One of the most common questions posed to information security professionals is, “How do you convey the importance of information security to the board/CEO/etc.?” My response is always equating infosec to risk.

The majority of people in charge do not have a good technical grasp of information security. Conversely, this shouldn’t be a prerequisite for your CEO, etc. In my case, if the county manager or board felt the need to become cyber experts to support the county, I’m not doing my job. So, how can we relay the importance of information security to top leaders? By equating how information security can reduce risk to a level that is acceptable to the organization.

How do you define risk? In layman’s terms, it’s the likelihood of an event occurring and the impact of said event. Pretty straightforward, right? So how do you respond when your agency asks, “How can we guarantee we’ll never get successfully hit by ransomware?”

And with this statement comes the first hurdle – managing expectations. Step one is getting those in charge to understand a universal reality. Short of unplugging everything that uses electricity, you cannot “guarantee” complete cybersecurity. As far as information security, short of lighting everything containing information on fire, there is no equivalent guarantee of security. The sooner your leadership accepts this reality, the sooner you can get on with your risk efforts.

Now comes the more nuanced part of information security risk. Maybe another way of saying it is by asking yourself some questions:

  • Can your agency articulate in clear terms how they measure risk?
  • What is the organizational appetite for risk?
  • What is your agency’s sensitivity or tolerance towards risk?
  • And, what are the agency’s thresholds for information security risk?

One important note – these questions and concepts apply beyond information security. These are important to project management and other disciplines like enterprise risk management. Of course, our focus is on information security. So let’s tie this concept to government agencies and the challenges they face.

The first bullet is a pretty fundamental one. Your information security team, whether one or 100 people, should be able to explain how information security risk is measured. Not to stereotype, but almost all private-sector agencies factor money/cost as the top way to calculate risk. This isn’t to suggest money isn’t an important factor to government, but I would argue there is something that trumps cash. Perhaps a better way of articulating this is a factor that accounts for the fiscally responsible use of public funds – reputation.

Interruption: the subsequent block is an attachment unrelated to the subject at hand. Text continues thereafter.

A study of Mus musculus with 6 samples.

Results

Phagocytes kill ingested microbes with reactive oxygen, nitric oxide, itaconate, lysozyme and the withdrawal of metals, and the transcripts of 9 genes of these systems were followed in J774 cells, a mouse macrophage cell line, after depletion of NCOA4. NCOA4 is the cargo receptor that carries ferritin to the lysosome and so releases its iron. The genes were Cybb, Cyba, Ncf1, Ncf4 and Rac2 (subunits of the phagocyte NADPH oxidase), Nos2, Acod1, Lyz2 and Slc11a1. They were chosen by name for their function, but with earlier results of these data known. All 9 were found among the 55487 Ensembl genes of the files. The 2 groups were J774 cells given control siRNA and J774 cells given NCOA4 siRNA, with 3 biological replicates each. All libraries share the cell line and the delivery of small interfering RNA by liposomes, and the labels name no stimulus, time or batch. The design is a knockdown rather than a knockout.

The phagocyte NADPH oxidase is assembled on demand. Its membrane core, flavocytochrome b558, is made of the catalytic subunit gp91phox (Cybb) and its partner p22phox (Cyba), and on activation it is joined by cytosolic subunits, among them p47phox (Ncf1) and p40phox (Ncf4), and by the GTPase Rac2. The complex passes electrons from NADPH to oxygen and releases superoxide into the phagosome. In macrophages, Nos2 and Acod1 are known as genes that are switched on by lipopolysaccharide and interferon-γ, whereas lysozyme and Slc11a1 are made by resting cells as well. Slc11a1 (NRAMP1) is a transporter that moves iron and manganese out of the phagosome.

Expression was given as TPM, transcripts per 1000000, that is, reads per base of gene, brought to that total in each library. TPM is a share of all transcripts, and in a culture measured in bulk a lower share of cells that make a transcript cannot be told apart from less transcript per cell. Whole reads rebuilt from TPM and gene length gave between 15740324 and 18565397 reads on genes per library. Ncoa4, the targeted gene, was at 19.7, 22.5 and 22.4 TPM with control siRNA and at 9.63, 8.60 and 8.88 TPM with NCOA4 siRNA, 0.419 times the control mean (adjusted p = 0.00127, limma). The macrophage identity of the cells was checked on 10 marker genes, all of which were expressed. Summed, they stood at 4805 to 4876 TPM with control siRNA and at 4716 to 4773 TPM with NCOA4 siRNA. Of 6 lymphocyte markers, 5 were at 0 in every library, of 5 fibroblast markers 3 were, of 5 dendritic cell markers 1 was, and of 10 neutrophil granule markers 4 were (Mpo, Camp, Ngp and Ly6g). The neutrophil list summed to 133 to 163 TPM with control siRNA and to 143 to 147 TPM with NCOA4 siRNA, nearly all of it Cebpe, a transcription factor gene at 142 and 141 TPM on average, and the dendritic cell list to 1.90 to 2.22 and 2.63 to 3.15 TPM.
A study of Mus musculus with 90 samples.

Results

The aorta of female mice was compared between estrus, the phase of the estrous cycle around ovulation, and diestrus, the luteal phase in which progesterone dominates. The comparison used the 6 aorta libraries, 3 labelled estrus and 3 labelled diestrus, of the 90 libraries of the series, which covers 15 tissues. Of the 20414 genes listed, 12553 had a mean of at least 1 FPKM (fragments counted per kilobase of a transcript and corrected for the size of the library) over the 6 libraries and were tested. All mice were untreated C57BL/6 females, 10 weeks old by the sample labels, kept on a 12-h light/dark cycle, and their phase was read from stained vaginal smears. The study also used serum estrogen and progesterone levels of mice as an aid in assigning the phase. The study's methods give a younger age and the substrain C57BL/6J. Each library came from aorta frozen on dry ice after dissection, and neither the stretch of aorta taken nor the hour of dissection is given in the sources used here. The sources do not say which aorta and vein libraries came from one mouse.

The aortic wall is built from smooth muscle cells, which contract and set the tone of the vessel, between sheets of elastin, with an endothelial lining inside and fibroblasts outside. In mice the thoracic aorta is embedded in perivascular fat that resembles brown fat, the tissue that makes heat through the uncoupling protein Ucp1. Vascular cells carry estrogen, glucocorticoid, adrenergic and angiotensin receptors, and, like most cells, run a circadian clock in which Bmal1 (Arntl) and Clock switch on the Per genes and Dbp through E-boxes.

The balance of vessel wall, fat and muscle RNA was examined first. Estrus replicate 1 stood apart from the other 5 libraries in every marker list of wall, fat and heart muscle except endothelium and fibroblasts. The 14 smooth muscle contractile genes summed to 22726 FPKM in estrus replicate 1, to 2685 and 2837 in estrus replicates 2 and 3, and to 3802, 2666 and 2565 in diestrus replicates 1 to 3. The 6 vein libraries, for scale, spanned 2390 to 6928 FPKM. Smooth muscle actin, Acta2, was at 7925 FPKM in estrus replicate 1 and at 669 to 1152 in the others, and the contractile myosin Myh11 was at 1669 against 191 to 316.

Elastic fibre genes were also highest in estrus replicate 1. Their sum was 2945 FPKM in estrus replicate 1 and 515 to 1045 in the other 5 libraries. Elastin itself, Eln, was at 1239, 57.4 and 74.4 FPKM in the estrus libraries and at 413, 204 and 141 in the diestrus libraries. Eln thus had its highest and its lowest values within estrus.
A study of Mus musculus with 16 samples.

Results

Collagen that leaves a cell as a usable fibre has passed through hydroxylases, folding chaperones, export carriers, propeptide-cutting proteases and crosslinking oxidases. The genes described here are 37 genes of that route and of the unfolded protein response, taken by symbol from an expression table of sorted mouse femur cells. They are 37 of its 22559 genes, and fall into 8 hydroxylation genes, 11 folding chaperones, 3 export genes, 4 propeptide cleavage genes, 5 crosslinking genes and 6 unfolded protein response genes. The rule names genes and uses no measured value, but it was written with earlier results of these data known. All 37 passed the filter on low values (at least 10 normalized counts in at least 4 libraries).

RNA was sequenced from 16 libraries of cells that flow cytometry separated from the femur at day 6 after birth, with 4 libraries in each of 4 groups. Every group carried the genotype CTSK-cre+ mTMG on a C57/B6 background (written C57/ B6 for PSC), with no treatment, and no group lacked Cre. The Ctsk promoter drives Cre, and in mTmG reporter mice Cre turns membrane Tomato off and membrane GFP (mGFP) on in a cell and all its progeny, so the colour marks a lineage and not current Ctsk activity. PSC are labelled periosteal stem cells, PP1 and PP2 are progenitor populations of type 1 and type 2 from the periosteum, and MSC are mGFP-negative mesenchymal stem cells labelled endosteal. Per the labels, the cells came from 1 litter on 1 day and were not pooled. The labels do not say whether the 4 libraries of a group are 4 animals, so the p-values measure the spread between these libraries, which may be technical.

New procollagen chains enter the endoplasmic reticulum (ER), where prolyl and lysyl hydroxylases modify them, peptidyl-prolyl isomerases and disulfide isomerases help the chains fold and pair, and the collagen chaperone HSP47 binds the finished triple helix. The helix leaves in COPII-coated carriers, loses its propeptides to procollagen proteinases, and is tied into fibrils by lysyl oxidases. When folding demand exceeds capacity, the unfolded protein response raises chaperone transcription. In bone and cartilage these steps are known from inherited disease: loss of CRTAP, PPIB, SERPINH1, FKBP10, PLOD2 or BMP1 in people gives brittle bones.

I have now worked for three local agencies and numerous higher education institutions. What they all have in common is how sensitive they are about getting onto the front page (digitally and physically) of the newspaper or becoming the lead story on the 6 p.m. news for the wrong reasons. What’s this have to do with information security risk? As mentioned in my first blog, trust is everything to government agencies. This trust is diminished when we fail to protect public resources.

Some government agencies are so risk-averse they will say things like they have zero appetite for risk. This is as unrealistic as the idea of making agencies 100% secure. Everything we do as governments have some element of risk – we have to understand this before we can talk about risk appetite. Obviously, some actions are more “risky” than others. Again, this concept is not unique to information security – financial investing comes to mind.

No two agencies are alike and this applies to risk appetite. Risk appetite is the amount of uncertainty one is willing to accept in return for a positive outcome. For example, lots of agencies say they want to be innovative but there is an inherent amount of risk associated with this philosophy. How many have the stomach to fail in efforts to accomplish something new or unique? Truthfully, many organizations have never thought in terms of information security risk, let alone appetite. It’s the job of people like me to put this concept into context so it’s understood by leadership.

This is why my mantra is to never say no to anyone’s idea! I don’t believe it’s my position to tell management what their appetite for risk is. This applies to situations like ransomware as well. It’s my job to inform them what the risks are, options for mitigation and the like. If I really understand my organization, then I will make recommendations, tying them to the goals and objectives of the agency.

Next week we’ll wrap up our conversation around information security risk and discuss:

  • What is your agency’s sensitivity or tolerance towards risk?
  • And, what are the agency’s thresholds for information security risk?

Thanks, and keep the comments and constructive feedback coming in!